You have to walk sideways through a maze of stacked books and newspapers to find your way to the living room, where there is barely room to sit down. The stacks cover windows and block hallways, so the space is dark, damp and dusty. Does this sound familiar? You can replace books and newspapers with any word, but if the items take up most of the house and even overflow into the kitchen or bathroom, you’re in the home of a hoarder.
It can be both alarming and upsetting to see someone live like this. If the hoarder is someone you are close to, it’s downright heartbreaking! You may have tried to talk to them about the problem, to no avail. In their mind, their hoarding is not a problem. They may even become defensive and tell you it’s none of your business. You know the problem needs to be solved – since the hoarder’s physical and emotional health is at risk – but you don’t know how to go about helping them. If you’re looking for ways to help, read on.
How to Approach a Hoarder – Important Do’s and Don’ts
When you have determined that someone you know is indeed a hoarder, it’s important to be very careful and tactful about how you handle the situation. There are some important do’s and don’ts so you don’t make the situation worse than it is.
What To do:
- Do take time to learn about hoarding and what causes it. Hoarding is a mental health disorder that over 2 percent of the United States population suffers with. Look for credible resources such as Mayo Clinic, National Alliance for Mental Illness, International Obsessive Compulsive Disorder Foundation or books on Hoarding Disorder written by well-known experts. The more knowledge you have, the more help you can provide.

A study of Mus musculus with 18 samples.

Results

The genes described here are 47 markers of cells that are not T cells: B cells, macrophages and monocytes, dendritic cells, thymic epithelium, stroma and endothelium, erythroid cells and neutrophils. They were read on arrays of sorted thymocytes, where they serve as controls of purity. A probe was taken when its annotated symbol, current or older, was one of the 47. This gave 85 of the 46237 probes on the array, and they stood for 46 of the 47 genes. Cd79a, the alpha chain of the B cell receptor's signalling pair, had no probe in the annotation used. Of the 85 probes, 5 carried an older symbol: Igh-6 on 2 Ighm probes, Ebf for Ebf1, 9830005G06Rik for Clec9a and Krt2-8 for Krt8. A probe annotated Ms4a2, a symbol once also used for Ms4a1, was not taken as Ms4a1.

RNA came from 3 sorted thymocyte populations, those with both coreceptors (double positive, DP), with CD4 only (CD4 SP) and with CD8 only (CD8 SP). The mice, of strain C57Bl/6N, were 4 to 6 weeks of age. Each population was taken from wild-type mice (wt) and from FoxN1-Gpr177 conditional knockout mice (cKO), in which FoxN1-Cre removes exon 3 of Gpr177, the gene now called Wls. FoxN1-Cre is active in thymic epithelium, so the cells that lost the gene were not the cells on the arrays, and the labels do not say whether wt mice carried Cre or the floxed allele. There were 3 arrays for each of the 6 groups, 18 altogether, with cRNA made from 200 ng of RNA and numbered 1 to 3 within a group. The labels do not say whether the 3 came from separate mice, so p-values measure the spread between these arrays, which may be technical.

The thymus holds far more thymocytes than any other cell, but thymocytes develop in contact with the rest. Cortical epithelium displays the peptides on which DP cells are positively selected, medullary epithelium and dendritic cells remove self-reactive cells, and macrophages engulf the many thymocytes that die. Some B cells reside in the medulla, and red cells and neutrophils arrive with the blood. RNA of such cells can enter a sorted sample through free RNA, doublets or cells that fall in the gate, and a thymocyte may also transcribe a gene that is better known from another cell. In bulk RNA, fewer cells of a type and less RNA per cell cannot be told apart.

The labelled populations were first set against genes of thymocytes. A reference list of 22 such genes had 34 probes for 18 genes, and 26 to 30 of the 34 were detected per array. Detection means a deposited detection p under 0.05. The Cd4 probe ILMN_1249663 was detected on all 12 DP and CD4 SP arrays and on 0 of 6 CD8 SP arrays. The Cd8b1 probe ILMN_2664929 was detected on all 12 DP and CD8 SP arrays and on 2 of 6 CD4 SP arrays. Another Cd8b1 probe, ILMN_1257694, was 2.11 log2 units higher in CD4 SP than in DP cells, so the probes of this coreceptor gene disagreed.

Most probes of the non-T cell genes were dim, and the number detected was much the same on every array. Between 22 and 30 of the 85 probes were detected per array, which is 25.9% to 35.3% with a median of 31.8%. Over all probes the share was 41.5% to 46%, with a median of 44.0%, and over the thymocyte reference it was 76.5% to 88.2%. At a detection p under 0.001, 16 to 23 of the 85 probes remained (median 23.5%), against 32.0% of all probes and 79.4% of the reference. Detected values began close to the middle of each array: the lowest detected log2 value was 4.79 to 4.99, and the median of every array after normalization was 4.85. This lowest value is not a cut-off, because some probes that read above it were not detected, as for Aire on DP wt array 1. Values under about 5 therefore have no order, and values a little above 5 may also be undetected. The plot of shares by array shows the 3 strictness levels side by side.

- Do listen. A life experience, loss, trauma or insecurity may have caused things to get to this point. Letting them talk will help build confidence and trust.
- Do encourage them to get professional help. While we care about our loved ones, we aren’t mental health professionals. There are social workers and mental health care specialists who are experts in this area who can help them heal, recover and become functional again.
- Do offer to help in any way you can, such as removing their belongings, but seek the help of a professional clean-up service if the clean-up is too overwhelming or there are biohazards.
- Do be kind and empathetic, and get the help of others who are kind and empathetic as well.
What Not To Do:
- Do not judge. There may be a tendency to judge someone with a hoarding disorder. Remember that it is a mental health disorder, not something the hoarder does on purpose. They need compassion and encouragement, not judgement.
- Do not remove items from the hoarder’s home without their knowledge or permission. This will not only upset them, it will break their trust in you. It could also lead to other mental health problems such as anxiety attacks, depression, isolation – even suicide.
- Do not enable their behavior. Just as you wouldn’t buy alcohol for an alcoholic or drugs for a drug addict, don’t buy things your hoarder collects out of “love” for them. Show your love in other ways.
- Do not clean up after them. This will only be a temporary solution. They need to understand and address the reasons for their hoarding and heal themselves.
- Do not expect a change to happen overnight. Even if you enlist the help of professionals, it will take time to undo the years – maybe even decades – of habitual hoarding. There may even be some setbacks, but don’t lose patience.
With the combination of reliable knowledge, empathy, support and encouragement, and the assistance of qualified professionals, it is possible to help the hoarder in your life. Following these do’s and don’ts will help you help them begin their road to healing and safety. The sooner you start the process, the better!